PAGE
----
Don’t like an employee’s Facebook posts? Think twice before clicking the “fire” button

chained keyboardIf your company is like most, it already has a social media policy, is working on one, or is thinking about putting one in place.  Employees often talk – and gripe – about their jobs on social media sites, prompting employers to adopt policies for their employees’ internet posts about work.  However, recent decisions by the National Labor Relations Board (NLRB) show that it considers certain forms of e-griping to be protected speech, and a policy preventing it could earn your company unwanted federal attention.

A typical social media policy discourages employees from making public online comments that cast the company, management, or co-workers in a negative light.  However, recent rulings have shown that blanket prohibitions like these may violate Section 7 of the National Labor Relations Act (NLRA) which protects the rights of employees to act together to address wages, benefits, and working conditions, with or without a union.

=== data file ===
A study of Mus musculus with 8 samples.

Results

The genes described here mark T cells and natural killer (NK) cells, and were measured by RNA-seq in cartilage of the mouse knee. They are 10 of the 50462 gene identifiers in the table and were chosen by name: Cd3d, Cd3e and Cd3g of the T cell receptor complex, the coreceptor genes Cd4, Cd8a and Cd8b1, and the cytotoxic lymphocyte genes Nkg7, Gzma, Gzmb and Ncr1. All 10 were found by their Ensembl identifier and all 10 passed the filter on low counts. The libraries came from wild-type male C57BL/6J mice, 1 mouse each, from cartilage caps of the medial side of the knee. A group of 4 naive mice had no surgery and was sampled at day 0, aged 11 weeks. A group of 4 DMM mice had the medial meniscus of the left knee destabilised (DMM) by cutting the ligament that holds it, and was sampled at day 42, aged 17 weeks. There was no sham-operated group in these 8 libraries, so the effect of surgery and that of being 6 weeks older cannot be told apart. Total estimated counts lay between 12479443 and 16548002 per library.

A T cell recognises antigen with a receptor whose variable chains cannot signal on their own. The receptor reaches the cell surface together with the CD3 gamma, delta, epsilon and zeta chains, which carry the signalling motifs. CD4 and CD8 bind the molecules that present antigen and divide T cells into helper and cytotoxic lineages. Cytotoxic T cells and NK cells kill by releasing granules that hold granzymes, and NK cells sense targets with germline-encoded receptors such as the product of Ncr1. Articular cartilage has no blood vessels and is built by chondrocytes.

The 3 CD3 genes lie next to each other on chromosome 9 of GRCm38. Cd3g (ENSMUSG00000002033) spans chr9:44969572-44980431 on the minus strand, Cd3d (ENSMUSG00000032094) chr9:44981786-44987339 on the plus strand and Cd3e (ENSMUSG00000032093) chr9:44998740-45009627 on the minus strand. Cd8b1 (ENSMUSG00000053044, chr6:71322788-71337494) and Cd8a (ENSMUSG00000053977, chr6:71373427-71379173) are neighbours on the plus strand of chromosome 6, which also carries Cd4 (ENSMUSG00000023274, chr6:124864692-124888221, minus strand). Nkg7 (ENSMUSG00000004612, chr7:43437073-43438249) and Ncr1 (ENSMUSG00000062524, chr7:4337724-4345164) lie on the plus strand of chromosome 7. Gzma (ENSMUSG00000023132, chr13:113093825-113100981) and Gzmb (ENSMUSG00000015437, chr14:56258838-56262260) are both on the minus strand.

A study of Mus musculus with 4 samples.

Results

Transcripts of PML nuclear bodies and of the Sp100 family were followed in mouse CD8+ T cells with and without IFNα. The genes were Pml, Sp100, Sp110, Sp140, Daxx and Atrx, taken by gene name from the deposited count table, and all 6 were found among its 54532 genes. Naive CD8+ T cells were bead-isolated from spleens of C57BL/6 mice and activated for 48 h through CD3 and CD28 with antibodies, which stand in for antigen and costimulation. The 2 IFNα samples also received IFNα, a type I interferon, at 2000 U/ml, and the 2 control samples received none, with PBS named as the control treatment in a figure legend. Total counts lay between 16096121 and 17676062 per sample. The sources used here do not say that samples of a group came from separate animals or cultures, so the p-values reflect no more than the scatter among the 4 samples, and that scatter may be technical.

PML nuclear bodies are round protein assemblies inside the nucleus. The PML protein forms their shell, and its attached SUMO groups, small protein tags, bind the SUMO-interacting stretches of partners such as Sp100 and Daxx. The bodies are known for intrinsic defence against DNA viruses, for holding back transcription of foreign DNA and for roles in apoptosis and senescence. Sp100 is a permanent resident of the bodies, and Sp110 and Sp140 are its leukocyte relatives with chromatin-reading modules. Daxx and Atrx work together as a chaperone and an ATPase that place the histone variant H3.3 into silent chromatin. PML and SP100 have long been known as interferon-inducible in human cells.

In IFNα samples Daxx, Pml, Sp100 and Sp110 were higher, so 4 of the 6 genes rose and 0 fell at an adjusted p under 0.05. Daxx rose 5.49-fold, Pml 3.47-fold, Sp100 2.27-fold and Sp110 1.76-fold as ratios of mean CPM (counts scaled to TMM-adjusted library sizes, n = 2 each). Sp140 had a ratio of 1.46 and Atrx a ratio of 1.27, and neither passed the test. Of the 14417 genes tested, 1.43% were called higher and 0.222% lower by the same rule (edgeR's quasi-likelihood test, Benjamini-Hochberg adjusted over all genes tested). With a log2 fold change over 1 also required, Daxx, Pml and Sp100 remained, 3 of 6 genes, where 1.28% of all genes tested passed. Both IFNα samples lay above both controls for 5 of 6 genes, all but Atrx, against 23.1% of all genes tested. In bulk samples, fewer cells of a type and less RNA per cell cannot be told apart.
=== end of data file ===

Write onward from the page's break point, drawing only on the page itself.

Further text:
As the NLRB’s recent decisions and advisories clarify, this protection extends to certain work-related conversations conducted on social media like Facebook and Twitter.  Thus, any social media policy which “would reasonably tend to chill employees in the exercise of their Section 7 rights” – even if the policy is silent or ambiguous about those rights – may be struck down.

However, this doesn’t mean all policies restricting work-related online speech are necessarily prohibited.  Section 7  does not protect offensive posts which are unrelated to improving wages, benefits, or working conditions.  For a good example of the distinction between protected and non-protected online employee speech, click the links to see the NLRB’s decisions in Hispanics United of Buffalo and JT’s Porch.

It can be difficult to strike a balance between prohibiting offensive speech and chilling protected employee communication.  For more information on how to strike that balance, contact the attorneys at Tucker Law Group.

2 thoughts on “Don’t like an employee’s Facebook posts? Think twice before clicking the “fire” button

    • Interesting article and decision, Eric – thanks for pointing it out! It looks from the decision that if an employee’s comments are of type that could do significant harm to the employer’s material interests, they may be considered so “egregious” that they’re not protected, even if they are “concerted” activity. It does look like a pretty fact-dependent analysis, so employers will still want to be careful when disciplining employees for online speech.